Insight from the March 25th NPPA Town Hall
Being able to tune into the National Press Photographers Association Town Hall, originally hosted live using Zoom on March 25th, has given me more information and insight into working during the current global pandemic. Times are strange now but the NPPA took time to host a town hall with many fantastic journalists, all of whom shared their experiences and perspectives during their coverage of COVID-19. The nation has been knocked down to its knees by COVID-19 sweeping across the world. State governors have created executive orders closing businesses, setting mandatory social distancing, and creating stay-at-home orders to protect the citizens. The pandemic has made being a photojournalist even more difficult. Journalists are still working and going out to cover the news to keep those at home informed, however the work is tiresome, dangerous and scary. To keep ourselves safe many recommended washing your hands more frequently, using sanitizing products everywhere you go, wearing a protective mask or bandana over your face as well as cleaning your equipment and other items you bring in the field with you. Along with mentioning safety precautions for journalists, a major point that I believed was important was the mental health of those around you and yourself being a working journalist. The pandemic isn't just attacking our physical health but all the mental health of those in quarantine and those on the front lines. Even though we are physically separate in these trying times, your mental health is just as important as your physical health. We must know that even with social distancing, we are still not alone. With broader access to phones and internet people are still able to connect with friends and family.
The NPPA also brought up dealing with management during these unprecedented times. "A new area we have to think about is, 'I live with someone who is immune compromised'," said Jill Geisler, Yolola/Freedom Forum. Our health and the health of our families is just as important as everyone else's and we should not be putting the people we care about at risk of contracting COVID-19. Geisler spoke about being able to get health accommodations for work to protect yourself and your family. The American's Disabilities act has accommodations for mental health and due to the viris management should be able to make accommodations based on your safety dealing with COVID-19. By establishing better communication with management and employers, safety becomes the number one priority making room for health accommodations. The work place safety set myself and family at ease, knowing there are ways to protect myself. The tips the NPPA gave to current essential workers and photojournalists alike made it easier to understand that we are able to say No. We can decide what is safe for us and our families and refuse certain jobs or tasks that we deem problematic or unsafe for us.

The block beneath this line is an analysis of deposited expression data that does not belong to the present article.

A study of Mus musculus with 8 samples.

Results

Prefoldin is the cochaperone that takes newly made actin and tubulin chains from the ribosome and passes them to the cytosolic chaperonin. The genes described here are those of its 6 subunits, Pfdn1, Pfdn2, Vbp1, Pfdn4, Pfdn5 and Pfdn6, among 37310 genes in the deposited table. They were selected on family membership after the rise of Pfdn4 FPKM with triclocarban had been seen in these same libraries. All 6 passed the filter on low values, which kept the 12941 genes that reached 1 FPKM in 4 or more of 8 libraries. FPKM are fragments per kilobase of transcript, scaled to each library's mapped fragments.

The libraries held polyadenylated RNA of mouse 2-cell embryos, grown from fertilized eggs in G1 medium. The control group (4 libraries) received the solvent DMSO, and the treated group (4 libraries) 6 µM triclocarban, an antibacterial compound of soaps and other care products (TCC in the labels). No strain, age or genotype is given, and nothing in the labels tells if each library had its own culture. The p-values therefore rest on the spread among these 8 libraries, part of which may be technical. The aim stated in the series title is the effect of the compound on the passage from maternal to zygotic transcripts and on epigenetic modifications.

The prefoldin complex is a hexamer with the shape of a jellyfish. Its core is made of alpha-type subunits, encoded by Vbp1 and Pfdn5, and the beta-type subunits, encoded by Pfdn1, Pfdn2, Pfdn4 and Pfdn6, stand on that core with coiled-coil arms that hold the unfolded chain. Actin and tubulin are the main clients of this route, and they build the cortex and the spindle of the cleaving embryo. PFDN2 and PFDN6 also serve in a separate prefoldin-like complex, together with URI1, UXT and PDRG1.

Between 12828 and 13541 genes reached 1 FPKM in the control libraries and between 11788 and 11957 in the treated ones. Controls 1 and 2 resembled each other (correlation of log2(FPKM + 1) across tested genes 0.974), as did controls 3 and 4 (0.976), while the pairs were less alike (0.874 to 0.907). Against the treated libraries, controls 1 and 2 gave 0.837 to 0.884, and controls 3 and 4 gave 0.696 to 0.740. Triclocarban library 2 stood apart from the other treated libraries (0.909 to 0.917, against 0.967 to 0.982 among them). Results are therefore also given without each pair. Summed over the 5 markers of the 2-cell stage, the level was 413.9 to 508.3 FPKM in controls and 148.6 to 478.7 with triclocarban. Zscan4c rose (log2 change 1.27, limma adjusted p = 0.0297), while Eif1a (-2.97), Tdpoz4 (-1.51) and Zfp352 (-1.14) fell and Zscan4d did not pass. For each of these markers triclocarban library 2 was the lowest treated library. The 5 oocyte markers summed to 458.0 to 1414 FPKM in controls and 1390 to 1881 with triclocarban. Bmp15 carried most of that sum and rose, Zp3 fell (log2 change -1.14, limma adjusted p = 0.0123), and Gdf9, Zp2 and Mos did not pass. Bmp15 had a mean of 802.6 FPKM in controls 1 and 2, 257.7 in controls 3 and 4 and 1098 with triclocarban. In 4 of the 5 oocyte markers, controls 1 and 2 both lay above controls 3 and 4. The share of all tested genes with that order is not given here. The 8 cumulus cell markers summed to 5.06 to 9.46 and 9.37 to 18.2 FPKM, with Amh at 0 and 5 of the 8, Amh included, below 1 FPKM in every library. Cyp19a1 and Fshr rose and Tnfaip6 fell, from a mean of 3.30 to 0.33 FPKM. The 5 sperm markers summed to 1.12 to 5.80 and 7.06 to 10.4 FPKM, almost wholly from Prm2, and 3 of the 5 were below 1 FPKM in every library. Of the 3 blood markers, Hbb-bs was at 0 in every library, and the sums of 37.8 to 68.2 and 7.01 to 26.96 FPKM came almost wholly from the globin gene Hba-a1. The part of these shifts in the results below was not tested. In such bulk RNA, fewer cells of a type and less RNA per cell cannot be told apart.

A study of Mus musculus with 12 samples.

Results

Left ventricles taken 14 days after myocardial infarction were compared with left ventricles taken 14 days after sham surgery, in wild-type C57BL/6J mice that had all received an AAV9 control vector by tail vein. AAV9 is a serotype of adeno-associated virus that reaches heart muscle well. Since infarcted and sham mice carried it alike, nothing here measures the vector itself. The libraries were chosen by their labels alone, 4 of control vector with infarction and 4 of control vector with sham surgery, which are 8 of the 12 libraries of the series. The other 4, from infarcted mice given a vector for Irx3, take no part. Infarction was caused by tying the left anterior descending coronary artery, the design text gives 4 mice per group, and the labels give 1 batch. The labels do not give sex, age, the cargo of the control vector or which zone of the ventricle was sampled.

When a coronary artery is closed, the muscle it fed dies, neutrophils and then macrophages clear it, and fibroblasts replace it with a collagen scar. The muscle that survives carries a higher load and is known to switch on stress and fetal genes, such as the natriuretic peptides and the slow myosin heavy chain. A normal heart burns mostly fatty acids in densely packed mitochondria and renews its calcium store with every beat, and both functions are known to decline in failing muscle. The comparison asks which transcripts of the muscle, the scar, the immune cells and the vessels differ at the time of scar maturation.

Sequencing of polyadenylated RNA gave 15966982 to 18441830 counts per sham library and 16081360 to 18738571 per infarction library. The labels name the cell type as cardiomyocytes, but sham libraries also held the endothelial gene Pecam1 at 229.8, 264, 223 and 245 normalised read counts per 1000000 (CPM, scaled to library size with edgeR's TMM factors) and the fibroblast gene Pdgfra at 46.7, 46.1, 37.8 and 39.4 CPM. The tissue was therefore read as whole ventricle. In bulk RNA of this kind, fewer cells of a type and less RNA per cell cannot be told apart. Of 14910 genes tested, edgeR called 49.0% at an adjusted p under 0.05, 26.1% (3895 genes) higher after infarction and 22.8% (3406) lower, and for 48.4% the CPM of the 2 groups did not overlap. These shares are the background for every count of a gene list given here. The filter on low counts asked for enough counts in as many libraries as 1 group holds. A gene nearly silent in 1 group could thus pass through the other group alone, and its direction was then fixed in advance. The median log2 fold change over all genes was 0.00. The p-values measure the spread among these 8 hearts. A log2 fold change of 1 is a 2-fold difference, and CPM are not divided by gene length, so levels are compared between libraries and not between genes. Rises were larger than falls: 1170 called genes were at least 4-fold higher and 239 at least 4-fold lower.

My favorite point brought up during the NPPA town hall was that the unselfish stories and upbeat stories are just as important as the news about COVID-19. Talking about the goodness in humanity and the good in the world makes people feel more at ease in their communities and helps them feel more confident in the media. Al and Sidney Tompkins spoke about the seniors in high school who will not be able to enjoy their Prom's or walk at graduations. Sidney Tompkins also mentions college and university seniors who will not be able to have the satisfaction of attending their graduation after working hard for their degrees. These are times that students are supposed to remember for the rest of their lives. Sidney Tompkins said these are the times that we need to seek out good times, happy stories and uplifting messages to help uplift moods. Kindness and goodness are strengths that humans have. "When things get bad, we get better," Al Tompkins said during the NPPA talk. Cathleen Curtus of Buffalo News said she started a project of documenting girls in their Prom dresses, in driveways and yards, having them enjoy the moments of wearing their dresses. The story is about fun and moments to uplift everyone. Stories like these are the backbone of news because many people want to read happy material and not story after story about death, violence of the virus. The NPPA Town Hall touched on many topics that photojournalists think about daily and should continue to ask questions about. It was an insightful talk with information that I hadn't thought too much about until the topics were brought to my attention further. Everyone should take the opportunity to sit down and watch the town hall to get a feel for what journalists are going through.